Andhra fish curry


  • Difficulty

    Medium

  • Serves

    6

Appears in

Andhra curry powder is made using Kashmiri chilli powder, which comes from deep red, dried chillies with wrinkled skin. It imparts a vibrant red colour and a mild heat. If you can’t get it, use two-thirds Kashmiri chilli powder with one-third turmeric.

This is a tomato-based fish curry that, unusually, doesn’t use coconut milk – the distinct tastes come from Kashmiri chilli powder, tamarind and mango, but the spices and flavourings give a subtle and layered flavour. Haddock keeps its texture and flavour well, as does cod. I have also made it with pollock, which is generally a pretty flavour-free fish, but takes these flavours really well.

Ingredients

  • 75 g dried tamarind pulp
  • 100 ml sunflower oil
  • 2 onions, finely chopped
  • 1 tsp fenugreek seeds
  • 1 tsp black mustard seeds
  • ½ tsp cumin seeds
  • ¼ tsp salt
  • 2 garlic cloves, finely sliced
  • 1 green chilli, finely sliced
  • 3 tsp Andhra curry powder (or 2 tsp Kashmiri chilli powder and 1 tsp ground turmeric)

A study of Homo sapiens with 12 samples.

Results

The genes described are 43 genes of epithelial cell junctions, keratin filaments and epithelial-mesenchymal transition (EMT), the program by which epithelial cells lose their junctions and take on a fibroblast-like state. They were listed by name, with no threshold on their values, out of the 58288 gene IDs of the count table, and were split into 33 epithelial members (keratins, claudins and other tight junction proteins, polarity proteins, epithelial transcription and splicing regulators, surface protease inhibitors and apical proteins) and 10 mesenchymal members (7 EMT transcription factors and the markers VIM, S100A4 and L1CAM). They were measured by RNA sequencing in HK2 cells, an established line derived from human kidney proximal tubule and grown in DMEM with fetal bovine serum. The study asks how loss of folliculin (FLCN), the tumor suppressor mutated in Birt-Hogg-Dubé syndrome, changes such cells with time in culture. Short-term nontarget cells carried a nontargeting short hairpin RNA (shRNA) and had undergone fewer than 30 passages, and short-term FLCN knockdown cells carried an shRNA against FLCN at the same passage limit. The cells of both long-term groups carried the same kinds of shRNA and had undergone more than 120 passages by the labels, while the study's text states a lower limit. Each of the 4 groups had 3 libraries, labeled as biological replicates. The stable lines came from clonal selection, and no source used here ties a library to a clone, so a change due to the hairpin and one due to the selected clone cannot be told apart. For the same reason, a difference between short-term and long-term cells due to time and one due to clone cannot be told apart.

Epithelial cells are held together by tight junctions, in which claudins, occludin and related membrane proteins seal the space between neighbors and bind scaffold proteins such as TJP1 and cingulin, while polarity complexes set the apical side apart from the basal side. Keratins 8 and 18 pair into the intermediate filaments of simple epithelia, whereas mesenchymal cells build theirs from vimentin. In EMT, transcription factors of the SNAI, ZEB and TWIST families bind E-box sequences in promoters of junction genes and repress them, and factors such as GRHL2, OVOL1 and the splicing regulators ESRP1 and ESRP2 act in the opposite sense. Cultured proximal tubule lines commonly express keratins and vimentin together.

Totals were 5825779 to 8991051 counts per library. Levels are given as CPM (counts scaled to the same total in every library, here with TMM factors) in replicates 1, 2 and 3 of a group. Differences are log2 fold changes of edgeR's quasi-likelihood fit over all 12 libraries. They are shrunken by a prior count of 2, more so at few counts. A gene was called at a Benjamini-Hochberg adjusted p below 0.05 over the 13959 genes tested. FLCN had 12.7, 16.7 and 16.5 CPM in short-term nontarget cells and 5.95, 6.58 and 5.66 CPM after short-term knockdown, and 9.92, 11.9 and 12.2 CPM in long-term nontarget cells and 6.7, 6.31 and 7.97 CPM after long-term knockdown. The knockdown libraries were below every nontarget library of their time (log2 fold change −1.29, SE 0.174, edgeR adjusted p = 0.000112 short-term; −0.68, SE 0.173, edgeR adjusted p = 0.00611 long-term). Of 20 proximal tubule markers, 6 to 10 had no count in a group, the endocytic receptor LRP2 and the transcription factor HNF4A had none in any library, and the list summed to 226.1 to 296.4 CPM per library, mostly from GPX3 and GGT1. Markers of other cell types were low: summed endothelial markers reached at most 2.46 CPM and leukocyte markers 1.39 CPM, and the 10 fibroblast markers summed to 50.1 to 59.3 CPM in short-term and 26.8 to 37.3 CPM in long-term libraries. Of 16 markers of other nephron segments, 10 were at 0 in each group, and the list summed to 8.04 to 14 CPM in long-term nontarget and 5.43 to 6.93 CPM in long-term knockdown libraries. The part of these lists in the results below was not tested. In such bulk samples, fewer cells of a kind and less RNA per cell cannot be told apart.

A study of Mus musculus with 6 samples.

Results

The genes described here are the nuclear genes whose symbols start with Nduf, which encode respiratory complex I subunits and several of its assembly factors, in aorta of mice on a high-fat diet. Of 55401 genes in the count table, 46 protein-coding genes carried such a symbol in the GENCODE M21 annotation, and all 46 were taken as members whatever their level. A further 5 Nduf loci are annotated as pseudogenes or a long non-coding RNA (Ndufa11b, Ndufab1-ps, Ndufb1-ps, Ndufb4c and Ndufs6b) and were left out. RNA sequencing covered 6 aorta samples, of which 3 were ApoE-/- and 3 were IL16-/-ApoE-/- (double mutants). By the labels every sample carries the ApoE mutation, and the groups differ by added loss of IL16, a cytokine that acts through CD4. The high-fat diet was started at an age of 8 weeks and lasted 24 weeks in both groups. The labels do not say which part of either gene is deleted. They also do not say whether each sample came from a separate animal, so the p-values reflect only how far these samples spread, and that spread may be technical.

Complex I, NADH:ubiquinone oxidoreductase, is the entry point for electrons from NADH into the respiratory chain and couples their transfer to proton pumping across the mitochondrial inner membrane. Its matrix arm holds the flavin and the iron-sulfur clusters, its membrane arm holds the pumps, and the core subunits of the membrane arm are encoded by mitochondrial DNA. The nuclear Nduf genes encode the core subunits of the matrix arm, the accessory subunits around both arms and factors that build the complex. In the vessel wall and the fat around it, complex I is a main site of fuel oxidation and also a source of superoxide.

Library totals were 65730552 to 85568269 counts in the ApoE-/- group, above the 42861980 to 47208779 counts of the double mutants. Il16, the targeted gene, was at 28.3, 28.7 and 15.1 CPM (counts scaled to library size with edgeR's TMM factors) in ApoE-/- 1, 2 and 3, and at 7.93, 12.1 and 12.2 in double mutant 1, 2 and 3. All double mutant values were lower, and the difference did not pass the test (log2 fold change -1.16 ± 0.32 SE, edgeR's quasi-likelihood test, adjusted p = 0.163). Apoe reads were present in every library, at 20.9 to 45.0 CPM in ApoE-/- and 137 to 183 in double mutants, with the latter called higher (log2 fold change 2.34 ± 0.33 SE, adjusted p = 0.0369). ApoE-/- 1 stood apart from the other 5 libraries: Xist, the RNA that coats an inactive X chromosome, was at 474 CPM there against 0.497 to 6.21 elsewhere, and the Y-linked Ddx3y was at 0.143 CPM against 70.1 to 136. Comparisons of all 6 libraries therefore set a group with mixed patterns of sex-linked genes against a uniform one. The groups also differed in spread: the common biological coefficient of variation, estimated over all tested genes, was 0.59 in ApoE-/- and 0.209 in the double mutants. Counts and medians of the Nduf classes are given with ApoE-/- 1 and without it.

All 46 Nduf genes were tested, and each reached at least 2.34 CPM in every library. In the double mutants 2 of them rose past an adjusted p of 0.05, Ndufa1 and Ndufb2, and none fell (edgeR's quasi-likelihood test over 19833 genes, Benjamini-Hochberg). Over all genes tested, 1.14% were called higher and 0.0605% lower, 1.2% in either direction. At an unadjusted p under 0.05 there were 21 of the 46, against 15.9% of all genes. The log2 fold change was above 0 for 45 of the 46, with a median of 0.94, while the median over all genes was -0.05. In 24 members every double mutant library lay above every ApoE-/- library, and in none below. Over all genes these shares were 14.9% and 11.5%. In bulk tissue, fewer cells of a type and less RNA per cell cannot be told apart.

• 1 mango cheek from a large unripe mango or 1 whole small unripe mango
  • 450 g ripe tomatoes, chopped, or 1 x 400 g tin chopped tomatoes
  • about 6 curry leaves, fresh or dried
  • 500 g haddock fillet, skinned and cut into bite-sized chunks
  • 140 g long-grain rice
  • 3 spring onions, chopped
  • a small handful of fresh coriander leaves

Method

  1. Start by boiling 150 ml water and submerging the tamarind in it. Leave to soak for at least 15 minutes.
  2. Heat the oil in a deep saucepan or flameproof casserole over a medium heat and fry the onions, fenugreek, mustard and cumin seeds with the salt. When the onions are soft, add the garlic, green chilli, curry powder or chilli powder and turmeric. Cook for a further minute or so.
  3. Cut the flesh from the mango, but leave the skin on. Then slice the flesh crossways, trying to ensure that each slice has a strip of peel. Add these slices, the tomatoes and the curry leaves to the pan and cook, covered, for 10 minutes, until the tomatoes are soft. Strain the tamarind pulp through a sieve, pressing down with the back of a spoon to get all but the seeds through. Pour the liquid into the curry.
  4. Rinse the rice in cold water. Put into a saucepan, pour over enough water to cover by 2–3cm (1in) and bring to a boil. Cover and reduce the heat to a simmer. Cook for roughly 10 minutes without lifting the lid, until the rice is tender. Remove from the heat and set aside, still covered, until ready to be served.
  5. Return the curry to a simmer for a minute or two (it should be liquid, but thick) before adding the fish and cooking for 4 minutes. Turn off the heat and let the haddock continue to cook gently in the curry for a few minutes while the flavour penetrates the fish.
  6. Tip the curry into a serving dish and garnish with the spring onions and coriander. Serve with the rice.